Vietnam Tom shared the difficult realities of his childhood and part of his life after the war. “I grew up in an alcoholic home. My old man used to beat my ma, brother, and me. He was a World War Two veteran and it took me years to realize what he was looking for. We moved around a bit, he would always come home drunk. I was lousy at school, never cared for it. After I served in Vietnam, I did a lot of odd jobs. I worked as a welder for twenty years.”
One of Vietnam Tom’s fondest memories revolves around his beloved dog, Coco. “Coco was a chocolate lab. I had her for 13 years. I used to drop her off at Ma’s house on my way to work. She would lay there and listen to my mom play the piano, the organ, or another instrument. She loved going with my Ma during the day and she loved music. Labs are the most loyal and loving animals. I wish I could have another dog, but I can’t even take care of myself. Why would I drag a dog through this hell?”
A story of heartache emerged when Vietnam Tom revealed his journey toward homelessness. “After I lost my job, I became homeless. I have been homeless for around four years. I have never been interested in hard drugs, but I am an alcoholic. I’ve missed things I shouldn’t have because of it, it hurts me. I don’t even have a calendar so it’s hard to remember when things are. I was taking care of a buddy of mine that was also a veteran. He passed away and I missed the salute because I was drinking. I drink to try and block stuff out, maybe erase some things. Drinking gives me peace of mind. I drink until I can lay down. It helps with the pain and sadness.”
Vietnam Tom discussed the everyday struggles of being homeless and how they look differently in the winter. “One of the hardest parts about being homeless is never knowing where you’re going to sleep or what you will eat. Some nights I sleep behind a couple of recycling bins in an alley. I was housed at a hotel for a bit, but they wouldn’t let me drink and I ended up having seizures. I had to leave. Quitting cold turkey is not a joke if you’re an alcoholic. Catholic Charities is trying to meet needs, but they only have so much space. You can wait all day expecting a warm place to stay and then they run out of space. So I guess I’ll just freeze. I try to find some place out of the wind. If it’s snowing, try and get under a tarp, but if your sleeping bag gets wet, then what?”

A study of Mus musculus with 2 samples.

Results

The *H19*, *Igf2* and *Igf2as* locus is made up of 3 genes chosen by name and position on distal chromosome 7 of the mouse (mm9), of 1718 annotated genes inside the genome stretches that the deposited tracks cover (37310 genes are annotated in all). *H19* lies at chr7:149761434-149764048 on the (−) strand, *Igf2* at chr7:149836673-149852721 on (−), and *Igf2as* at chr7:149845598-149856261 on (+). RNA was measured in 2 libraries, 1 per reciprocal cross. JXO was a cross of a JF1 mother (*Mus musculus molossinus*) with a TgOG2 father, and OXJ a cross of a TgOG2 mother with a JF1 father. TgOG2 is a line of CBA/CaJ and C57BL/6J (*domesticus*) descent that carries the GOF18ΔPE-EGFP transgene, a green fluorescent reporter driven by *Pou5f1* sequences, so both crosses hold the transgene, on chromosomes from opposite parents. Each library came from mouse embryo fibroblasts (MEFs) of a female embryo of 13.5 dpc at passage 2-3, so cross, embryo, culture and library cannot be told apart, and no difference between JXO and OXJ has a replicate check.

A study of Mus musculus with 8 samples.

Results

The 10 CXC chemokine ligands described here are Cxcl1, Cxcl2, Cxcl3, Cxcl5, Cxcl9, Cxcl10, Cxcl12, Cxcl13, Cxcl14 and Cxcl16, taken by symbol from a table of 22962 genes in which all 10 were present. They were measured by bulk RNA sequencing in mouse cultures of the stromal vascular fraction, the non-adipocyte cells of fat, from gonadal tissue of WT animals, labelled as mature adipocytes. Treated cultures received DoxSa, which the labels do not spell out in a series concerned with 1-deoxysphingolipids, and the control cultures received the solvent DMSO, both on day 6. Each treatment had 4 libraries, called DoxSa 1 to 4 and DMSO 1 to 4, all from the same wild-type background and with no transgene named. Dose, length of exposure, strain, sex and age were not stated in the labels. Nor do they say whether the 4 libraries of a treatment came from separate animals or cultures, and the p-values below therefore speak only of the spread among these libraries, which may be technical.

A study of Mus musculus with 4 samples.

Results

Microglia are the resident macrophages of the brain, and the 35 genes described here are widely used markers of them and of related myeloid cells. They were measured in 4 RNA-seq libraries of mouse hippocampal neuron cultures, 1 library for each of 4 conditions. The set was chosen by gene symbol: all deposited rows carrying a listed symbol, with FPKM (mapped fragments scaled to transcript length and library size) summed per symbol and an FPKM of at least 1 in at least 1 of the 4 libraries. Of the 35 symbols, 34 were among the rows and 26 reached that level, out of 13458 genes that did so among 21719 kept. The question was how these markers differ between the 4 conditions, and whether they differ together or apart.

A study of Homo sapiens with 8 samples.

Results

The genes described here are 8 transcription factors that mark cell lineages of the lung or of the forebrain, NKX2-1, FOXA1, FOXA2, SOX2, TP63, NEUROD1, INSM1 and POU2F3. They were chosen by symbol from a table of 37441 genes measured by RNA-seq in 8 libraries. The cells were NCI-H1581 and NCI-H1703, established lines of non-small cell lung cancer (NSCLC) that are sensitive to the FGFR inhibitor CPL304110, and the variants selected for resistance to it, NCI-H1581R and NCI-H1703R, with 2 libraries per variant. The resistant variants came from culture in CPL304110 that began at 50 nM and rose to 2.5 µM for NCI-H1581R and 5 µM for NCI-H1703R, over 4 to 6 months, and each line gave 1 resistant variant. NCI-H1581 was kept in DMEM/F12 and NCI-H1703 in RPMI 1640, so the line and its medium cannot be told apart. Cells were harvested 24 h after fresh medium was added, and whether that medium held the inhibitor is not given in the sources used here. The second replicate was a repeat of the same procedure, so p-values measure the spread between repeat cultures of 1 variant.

Words of wisdom from Vietnam Tom wrapped up our interview. He wants us all to unite and help each other on this journey we call life. “I keep going because I am not dead yet. I have a chance to share my knowledge with someone younger than me so they do not have to suffer, I think that’s why I am here. I don’t know if I will ever be off the streets, but if I have the chance to help someone I will. One thing that I take away from my time in the service that I want to share is that it is not red versus blue, it’s red, white, and blue. I want everyone to help. If someone is in worse shape than you, just help. There are people out here who have nothing. There’s a lot of addiction and mental health issues, but if I had the money, I would buy one of these big buildings just so people had a place to go. Ultimately, try not to give up and remember that you are less than three meals away from being hungry. It can happen to anyone.”
Authors’ Note: We would like to thank Vietnam Tom for his ultimate sacrifice as well as all veterans that fought and continue to fight for our country. We, as civilians, know we cannot understand the experiences of veterans. We would like to take time to highlight two resources, La Crosse Veterans’ Center (608) 787-6411 and Veterans’ Support, for veterans experiencing hardship. You support us, your country, and you deserve support.
Artist’s Note: After talking with Vietnam Tom today, I found a friend. A friend that not only cares about those around him, but also this nation. Thank you for being a friend and listening, everyone deserves to have a listener in their life.